Aug 15, 2012


If your confidence is low, rather than extremely low, you stand a better chance of succeeding than if you have high self-confidence. There are three main reasons for this:
Lower self-confidence makes you pay attention to negative feedback and be self-critical: Most people get trapped in their optimistic biases, so they tend to listen to positive feedback and ignore negative feedback. 

To be the very best at anything, you will need to be your harshest critic, and that is almost impossible when your starting point is high self-confidence.

Lower self-confidence can motivate you to work harder and prepare more: If you are serious about your goals, you will have more incentive to work hard when you lack confidence in your abilities. In fact, low confidence is only demotivating when you are not serious about your goals.

Lower self-confidence reduces the chances of coming across as arrogant or being deluded. Although we live in a world that worships those who worship themselves — from Donald Trump to Lady Gaga to the latest reality TV "star" — the consequences of hubris are now beyond debate. According to Gallup, over 60% of employees either dislike or hate their jobs, and the most common reason is that they have narcissistic bosses.

Lower self-confidence reduces not only the chances of coming across as arrogant, but also of being deluded. Indeed, people with low self-confidence are more likely to admit their mistakes — instead of blaming others — and rarely take credit for others' accomplishments. This is arguably the most important benefit of low self-confidence because it points to the fact that low self-confidence can bring success, not just to individuals but also to organizations and society.

In brief, if you are serious about your goals, low self-confidence can be your biggest ally to accomplish them. It will motivate you to work hard, help you work on your limitations, and stop you from being a jerk, deluded, or both. It is therefore time debunk the myth: High self-confidence isn't a blessing, and low self-confidence is not a curse — in fact, it is the other way around.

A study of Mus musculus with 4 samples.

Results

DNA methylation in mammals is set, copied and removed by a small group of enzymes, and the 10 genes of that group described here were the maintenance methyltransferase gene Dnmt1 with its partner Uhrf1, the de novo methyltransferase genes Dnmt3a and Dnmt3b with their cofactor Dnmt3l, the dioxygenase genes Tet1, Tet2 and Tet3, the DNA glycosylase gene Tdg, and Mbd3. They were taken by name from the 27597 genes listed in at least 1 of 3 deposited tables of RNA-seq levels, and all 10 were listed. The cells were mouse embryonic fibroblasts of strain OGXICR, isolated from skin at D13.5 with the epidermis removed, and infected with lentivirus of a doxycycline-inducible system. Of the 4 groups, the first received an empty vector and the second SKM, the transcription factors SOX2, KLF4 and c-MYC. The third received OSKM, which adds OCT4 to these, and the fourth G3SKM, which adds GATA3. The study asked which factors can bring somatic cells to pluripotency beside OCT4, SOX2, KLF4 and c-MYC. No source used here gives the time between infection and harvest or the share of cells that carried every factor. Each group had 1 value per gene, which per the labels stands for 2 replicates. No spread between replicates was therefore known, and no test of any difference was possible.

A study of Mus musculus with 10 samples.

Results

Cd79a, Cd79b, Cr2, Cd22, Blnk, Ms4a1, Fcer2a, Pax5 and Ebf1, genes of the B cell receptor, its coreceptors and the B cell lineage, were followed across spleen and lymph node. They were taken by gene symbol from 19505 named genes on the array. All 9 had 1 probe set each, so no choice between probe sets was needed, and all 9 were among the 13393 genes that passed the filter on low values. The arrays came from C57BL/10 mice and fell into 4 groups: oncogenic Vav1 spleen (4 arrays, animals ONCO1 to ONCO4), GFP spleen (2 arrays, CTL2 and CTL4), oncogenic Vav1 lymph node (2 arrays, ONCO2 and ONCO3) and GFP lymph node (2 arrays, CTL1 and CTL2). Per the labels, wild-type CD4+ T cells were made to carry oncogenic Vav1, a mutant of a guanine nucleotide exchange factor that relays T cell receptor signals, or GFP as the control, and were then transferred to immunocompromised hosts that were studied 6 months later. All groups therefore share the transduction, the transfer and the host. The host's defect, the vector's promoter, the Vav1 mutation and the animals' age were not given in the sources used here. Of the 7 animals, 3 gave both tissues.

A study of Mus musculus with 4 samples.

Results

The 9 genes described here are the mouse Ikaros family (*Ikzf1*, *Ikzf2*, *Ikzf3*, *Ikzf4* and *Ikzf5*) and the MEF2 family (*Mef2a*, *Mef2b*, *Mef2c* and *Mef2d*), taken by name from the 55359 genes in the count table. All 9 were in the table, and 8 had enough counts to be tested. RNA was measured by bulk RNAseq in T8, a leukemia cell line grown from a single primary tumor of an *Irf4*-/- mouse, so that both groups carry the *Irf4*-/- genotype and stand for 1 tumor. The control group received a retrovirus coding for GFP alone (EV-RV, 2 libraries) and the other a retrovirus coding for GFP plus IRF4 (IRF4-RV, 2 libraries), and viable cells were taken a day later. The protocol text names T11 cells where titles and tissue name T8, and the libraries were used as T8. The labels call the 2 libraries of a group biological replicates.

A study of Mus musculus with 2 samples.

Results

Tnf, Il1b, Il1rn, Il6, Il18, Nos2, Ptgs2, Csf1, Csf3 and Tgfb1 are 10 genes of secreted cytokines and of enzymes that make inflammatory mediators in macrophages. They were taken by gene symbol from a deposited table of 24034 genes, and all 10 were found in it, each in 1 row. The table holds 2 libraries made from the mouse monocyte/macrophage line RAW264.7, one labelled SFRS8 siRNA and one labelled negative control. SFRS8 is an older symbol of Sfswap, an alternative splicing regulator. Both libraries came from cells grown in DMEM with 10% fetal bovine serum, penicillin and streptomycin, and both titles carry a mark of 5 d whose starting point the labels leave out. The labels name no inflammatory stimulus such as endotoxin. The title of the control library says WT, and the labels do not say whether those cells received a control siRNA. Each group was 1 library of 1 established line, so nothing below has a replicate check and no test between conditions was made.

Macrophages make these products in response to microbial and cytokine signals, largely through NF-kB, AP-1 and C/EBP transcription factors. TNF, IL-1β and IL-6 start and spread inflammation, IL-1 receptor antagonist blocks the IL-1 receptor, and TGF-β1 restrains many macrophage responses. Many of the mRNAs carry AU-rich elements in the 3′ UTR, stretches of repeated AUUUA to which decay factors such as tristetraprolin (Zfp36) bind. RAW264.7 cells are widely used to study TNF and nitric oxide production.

1. Hmm, that seems contradictory. I feel that I have the smart balance between confidence and self-deprecation... I don't see the benefits of low self-confidence, as I have often noted that those with low self-confidence often miss out on opportunity for fearing to try...

  2. I am going to see if my confidence is more than my body.
    Today I am off to the woods. Sherry just asked if it was still raining? I didn't know it had been. OUCH. it has stopped for now. So I guess I had better get to walking.
    From cold wet New Hampshire. Off to see the wizard...

  3. I'd have to say that I'm with Mark on this one. When I think of someone with low self-confidence, I kind of think "spineless," without the ability to speak up for oneself or the realization that they are capable of doing the task at hand. I think it's possible to be self-confident without being an egomaniac. They used the example of Donald Trump, which I think is a terrible example. He's just a jerk. Think of someone like Bill Gates, who seems to be supremely self-confident, but is able to get things done--and get people to do things for him--without being a total asshole! (Although some might argue with that.)

  4. I LOVE the line, " Most people get trapped in their optimistic biases." I know many people who have. It's an endless rut leading to lots of BAD decisions.